In recent years, this England cricket team have made a habit of bouncing back strongly from heavy defeats, but the aftermath of their harrowing 5-0 Ashes defeat has been followed by a plethora of poor decisions and one crisis has followed another.
This slideshow assesses these decisions and moments.
England will have hoped that with a fresh set of players and a new coach at the helm, the limited-overs matches would have brought a change of fortune.
This was not to be.
England's younger crop of players staggered and spluttered their way to seven defeats in eight matches.
What's more, Andy Flower may have felt that there was enough promise in England's next generation to help him garner success. He would no doubt have been disappointed with the performances on offer.
After England's ODI series defeat to Australia, Alastair Cook appeared shell-shocked and distant in the post-match press conference and appeared to question his future as captain.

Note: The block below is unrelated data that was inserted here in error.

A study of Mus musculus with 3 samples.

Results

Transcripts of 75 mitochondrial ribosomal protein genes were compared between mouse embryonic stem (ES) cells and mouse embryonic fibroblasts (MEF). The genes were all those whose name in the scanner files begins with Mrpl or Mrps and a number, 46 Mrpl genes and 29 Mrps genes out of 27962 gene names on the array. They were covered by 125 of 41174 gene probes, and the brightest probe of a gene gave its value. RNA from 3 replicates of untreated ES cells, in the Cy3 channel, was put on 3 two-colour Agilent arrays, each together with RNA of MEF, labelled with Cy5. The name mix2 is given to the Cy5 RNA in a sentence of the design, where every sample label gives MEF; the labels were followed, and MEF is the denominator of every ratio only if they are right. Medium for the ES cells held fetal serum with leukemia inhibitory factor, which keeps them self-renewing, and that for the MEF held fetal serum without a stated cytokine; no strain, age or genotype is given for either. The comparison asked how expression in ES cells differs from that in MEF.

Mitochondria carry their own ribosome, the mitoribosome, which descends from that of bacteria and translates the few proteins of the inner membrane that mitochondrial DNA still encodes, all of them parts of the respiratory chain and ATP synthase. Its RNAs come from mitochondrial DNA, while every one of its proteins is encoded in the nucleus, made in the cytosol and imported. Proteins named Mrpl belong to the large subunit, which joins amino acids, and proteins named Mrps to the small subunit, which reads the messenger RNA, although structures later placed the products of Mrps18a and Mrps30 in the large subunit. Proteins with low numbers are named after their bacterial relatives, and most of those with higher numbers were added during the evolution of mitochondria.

Although he emphasised a few days later that he was keen to stay on in the position, whether he does is less certain. Managing director Paul Downton will no doubt assess the role in the coming weeks.
David Collier very publicly came out in defence of Andy Flower before the Ashes series had even ended and strongly asserted that he felt he should continue as England team director.
Just weeks later, however, Flower had resigned.
It wasn't a particularly big surprise, but in light of Collier's defence—and indeed everything Flower had said—it went against the grain.
Perhaps Downton and Flower came to the conclusion that he should move on; perhaps he saw the ODI and T20 series and felt he could do no more; or maybe, on reflection, he had just had enough.
Whatever the reason, he has now gone and England have to search for a new coach.
Rumours over Kevin Pietersen's future had been mounting for some time after the Ashes defeat.
A day before England named the first squad of the post-Flower era, it was announced in a short statement that Pietersen had been dropped—with "long term planning" and team "ethics" being cited as reasons.
Worse than simply dropping Pietersen, which was a shock, has been the shambolic manner in which the story has been dealt with by the ECB.
The initial statement was horribly lacking in empathy or emotion. After a week of rumour, innuendo and gossip suggesting reasons as to why KP had been dropped, the ECB released a second, equally timid statement alluding to team "culture" and the need to "invest" in the captaincy of Alastair Cook.
The emphasis on team spirit, faith in Cook and package of nebulous notions has called into question the entire philosophy of the team.